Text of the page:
Reviewed by: ANDREW LIVSEY

There are plenty of accounts drawing out the disruption and human consequences when wars start, but rather less about the same effect when they end. In When the Shooting Stopped, Tillman manages the later well, covering the end of the War in the Pacific in August 1945.

There is much to like in this book. Tillman writes lucidly, with some delightful summaries of individuals. For example, we are told that, “MacArthur’s command style remained consistent through most of his career, ranging from egotism to megalomania”. Tillman also has a control of pace honed by his experience as a novelist.

One might wish for slightly greater engagement with primary materials than indicated by the footnotes and bibliography beyond some US Navy combat reports, or of the broader analysis of the war beyond Overy’s work. That is, however, the price commonly paid for being in the hands of such a prolific author: 40 books and counting. The effect is mitigated by his wider knowledge, of the US armed forces in particular, and his balanced judgement. Indeed, to his credit, though Tillman is clearly a proud American he very nearly succeeds in avoiding a disproportionate focus on the American experience.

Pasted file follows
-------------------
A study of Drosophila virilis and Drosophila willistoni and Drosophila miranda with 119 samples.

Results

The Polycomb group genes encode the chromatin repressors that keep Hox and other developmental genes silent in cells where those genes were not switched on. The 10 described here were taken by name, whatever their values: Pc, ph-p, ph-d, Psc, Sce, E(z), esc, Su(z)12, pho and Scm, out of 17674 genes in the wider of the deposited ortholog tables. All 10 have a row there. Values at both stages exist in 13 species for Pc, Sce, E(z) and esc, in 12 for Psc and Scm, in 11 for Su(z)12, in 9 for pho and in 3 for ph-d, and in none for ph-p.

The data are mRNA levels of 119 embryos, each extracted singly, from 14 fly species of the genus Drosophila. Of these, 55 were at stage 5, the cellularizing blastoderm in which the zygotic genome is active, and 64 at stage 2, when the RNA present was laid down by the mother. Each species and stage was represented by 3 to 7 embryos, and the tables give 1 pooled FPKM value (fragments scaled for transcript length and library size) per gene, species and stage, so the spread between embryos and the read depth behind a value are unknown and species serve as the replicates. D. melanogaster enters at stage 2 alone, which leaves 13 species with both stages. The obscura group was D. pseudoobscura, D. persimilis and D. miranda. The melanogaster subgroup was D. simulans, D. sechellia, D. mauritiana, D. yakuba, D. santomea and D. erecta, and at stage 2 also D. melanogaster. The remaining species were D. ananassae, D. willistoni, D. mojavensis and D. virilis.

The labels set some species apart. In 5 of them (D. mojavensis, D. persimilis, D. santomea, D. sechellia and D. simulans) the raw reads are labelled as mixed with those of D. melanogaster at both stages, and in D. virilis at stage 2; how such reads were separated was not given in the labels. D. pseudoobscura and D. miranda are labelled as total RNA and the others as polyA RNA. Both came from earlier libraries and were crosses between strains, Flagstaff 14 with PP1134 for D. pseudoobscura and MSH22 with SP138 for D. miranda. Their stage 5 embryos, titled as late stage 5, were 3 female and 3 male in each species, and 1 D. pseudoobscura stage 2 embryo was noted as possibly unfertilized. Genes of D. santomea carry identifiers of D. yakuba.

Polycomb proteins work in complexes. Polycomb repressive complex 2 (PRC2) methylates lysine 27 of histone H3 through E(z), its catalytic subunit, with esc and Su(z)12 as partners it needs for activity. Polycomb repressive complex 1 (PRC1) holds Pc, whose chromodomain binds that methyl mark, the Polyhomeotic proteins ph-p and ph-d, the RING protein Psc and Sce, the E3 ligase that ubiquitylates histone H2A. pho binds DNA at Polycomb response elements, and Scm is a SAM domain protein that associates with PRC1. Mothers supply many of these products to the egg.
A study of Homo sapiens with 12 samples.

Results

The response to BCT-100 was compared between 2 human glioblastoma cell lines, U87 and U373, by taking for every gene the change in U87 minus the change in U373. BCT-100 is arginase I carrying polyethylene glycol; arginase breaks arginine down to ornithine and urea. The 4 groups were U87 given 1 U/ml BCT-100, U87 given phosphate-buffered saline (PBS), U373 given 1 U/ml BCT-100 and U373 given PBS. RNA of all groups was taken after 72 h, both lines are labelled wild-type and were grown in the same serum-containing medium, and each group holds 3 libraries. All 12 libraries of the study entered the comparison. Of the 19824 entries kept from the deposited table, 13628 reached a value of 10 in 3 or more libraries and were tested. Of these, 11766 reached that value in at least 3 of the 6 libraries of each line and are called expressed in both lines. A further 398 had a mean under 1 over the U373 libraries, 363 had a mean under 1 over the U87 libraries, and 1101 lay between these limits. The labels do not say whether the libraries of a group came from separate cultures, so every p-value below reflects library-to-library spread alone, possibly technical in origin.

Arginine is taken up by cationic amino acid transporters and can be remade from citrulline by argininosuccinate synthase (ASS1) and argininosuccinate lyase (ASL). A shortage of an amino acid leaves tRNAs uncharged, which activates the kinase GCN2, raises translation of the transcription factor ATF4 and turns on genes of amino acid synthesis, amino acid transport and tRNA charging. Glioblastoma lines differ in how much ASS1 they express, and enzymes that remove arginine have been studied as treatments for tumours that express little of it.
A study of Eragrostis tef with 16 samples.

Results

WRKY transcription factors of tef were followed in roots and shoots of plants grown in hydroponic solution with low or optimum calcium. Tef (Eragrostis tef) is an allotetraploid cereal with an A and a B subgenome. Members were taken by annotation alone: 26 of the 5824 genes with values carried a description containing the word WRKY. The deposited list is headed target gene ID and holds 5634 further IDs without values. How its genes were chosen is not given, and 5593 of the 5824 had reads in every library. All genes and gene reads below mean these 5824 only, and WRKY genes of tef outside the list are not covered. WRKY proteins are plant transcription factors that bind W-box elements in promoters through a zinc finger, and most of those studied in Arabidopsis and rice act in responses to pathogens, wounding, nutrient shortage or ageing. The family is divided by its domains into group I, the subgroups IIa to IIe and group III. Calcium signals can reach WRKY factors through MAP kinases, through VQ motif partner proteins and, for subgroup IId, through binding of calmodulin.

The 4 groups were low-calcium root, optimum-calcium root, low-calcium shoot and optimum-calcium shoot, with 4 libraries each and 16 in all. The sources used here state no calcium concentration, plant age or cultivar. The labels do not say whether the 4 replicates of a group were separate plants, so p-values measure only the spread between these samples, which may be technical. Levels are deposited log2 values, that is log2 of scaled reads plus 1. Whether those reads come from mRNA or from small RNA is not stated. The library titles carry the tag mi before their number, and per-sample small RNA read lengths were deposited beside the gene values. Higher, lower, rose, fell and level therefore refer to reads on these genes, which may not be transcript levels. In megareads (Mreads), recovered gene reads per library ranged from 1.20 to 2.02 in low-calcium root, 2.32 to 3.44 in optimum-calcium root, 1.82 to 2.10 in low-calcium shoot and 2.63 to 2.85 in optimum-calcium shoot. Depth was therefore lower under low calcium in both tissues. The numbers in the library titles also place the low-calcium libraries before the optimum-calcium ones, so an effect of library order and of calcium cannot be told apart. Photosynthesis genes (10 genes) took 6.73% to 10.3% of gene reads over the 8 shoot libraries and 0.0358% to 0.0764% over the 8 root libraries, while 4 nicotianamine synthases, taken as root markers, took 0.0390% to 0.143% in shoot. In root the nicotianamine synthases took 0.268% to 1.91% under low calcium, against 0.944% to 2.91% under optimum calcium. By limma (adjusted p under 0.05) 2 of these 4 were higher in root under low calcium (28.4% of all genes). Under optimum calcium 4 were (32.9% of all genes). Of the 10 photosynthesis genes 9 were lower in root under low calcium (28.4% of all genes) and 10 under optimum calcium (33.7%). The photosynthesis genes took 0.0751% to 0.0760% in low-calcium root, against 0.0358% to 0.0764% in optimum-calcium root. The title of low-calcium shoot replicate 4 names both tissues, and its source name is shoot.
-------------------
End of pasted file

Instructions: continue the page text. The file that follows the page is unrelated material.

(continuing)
I confess though that I struggled with this book. It is essentially a series of human focused vignettes. Though each one is well written, and they are linked together as well as practicable, the cumulative effect is a mass of facts without a grand thread beyond their similar place in time. This is not so much a criticism of the author as of the type of book. Others may revel in what doesn’t work for me. I therefore recommended When the Shooting Stopped if you want multiple tales of human valour and chaos, or particular detail about the end of the war, but not if you’re looking to improve your understanding of the War in the Pacific as a whole.